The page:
Monday, August 27
Train approaching Bristol, 13:45
Breakfast at the Peckham Rooms stops at 10:00 during weekdays and at 11:00 at weekends. What, then, happens on a Bank Holiday Monday?
According to the woman at reception yesterday evening bank holidays count as weekends. According to the two stern Eastern European women in charge of breakfast, service stopped ten minutes ago: at 10:00 precisely. We could not persuade them otherwise and therefore got no breakfast. However they finally relented a little and found us a basket of apples and some coffee.
We checked out, walked to the station and took a train to London Bridge and a tube to Paddington. The GWR train looked ultra-modern and as soon as we had left the madness and noise of London behind, Irma visibly relaxed.
The train journey proves pleasant and quiet. We have wifi and plugs for our chargers. We both watch the English countryside rolling past, and I take some photographs of random views just before we begin to pull into Bristol. At Bristol we change to a smaller, local train for the final leg into Weston-super-mare.
We will walk out of the station, choose one of the two station taxis, and sit through a chatty ten minute ride to the guesthouse. We will find ourselves fulsomely greeted by Rob and Diane, the owners and sole employees of the six-roomed Rosita Hotel. We will have room 6, enormous the front-facing top floor room. We will like it.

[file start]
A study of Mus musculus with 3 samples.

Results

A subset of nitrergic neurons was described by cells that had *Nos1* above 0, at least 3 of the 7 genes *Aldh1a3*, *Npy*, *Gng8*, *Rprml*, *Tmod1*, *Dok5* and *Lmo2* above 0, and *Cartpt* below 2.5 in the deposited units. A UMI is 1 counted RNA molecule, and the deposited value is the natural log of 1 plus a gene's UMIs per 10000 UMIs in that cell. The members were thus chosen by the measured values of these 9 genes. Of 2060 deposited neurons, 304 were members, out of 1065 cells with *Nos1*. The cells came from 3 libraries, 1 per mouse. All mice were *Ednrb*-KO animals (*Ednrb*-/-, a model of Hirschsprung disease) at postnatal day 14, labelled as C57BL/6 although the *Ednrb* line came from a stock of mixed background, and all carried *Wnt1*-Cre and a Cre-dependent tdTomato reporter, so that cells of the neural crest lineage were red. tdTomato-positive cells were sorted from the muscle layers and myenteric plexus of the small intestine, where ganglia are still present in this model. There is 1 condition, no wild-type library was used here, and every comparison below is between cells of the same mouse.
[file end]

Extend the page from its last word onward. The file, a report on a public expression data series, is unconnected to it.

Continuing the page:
As we got out of the taxi we looked around and saw The Criterion about twenty metres up the road. We will ask Rob about it and he will describe it as a down to earth but friendly local. When we have settled in we will walk out to see what we can see. We will start by having a pint at The Criterion and deciding that Rob spoke the truth.
He also recommended al Michaelangelo’s happy hour so, slightly later, we will walk down to the seafront and eat there. We will have three courses for £16.50, served by waiters whose sheer efforts to act waiterly in an Italian manner will make me feel as though I have wandered into an immersive performance by an amateur theatre group.
We will wander along the seafront and stop briefly at a place called Nick’s Bar & Eatery, before finding ourselves at the bottom of a short road leading up from the seafront to The Criterion.
We will find more people there this time including a local character known to everyone as The Major. He obviously belongs to the same drama club as the waiters, and will play his part as the retired military duffer, back briefly from his home in Spain, perfectly.
“Bloody fools, the lot of them,” he will say periodically about whoever features at that moment in his ongoing narrative.
Eventually he will get up to leave and so will we.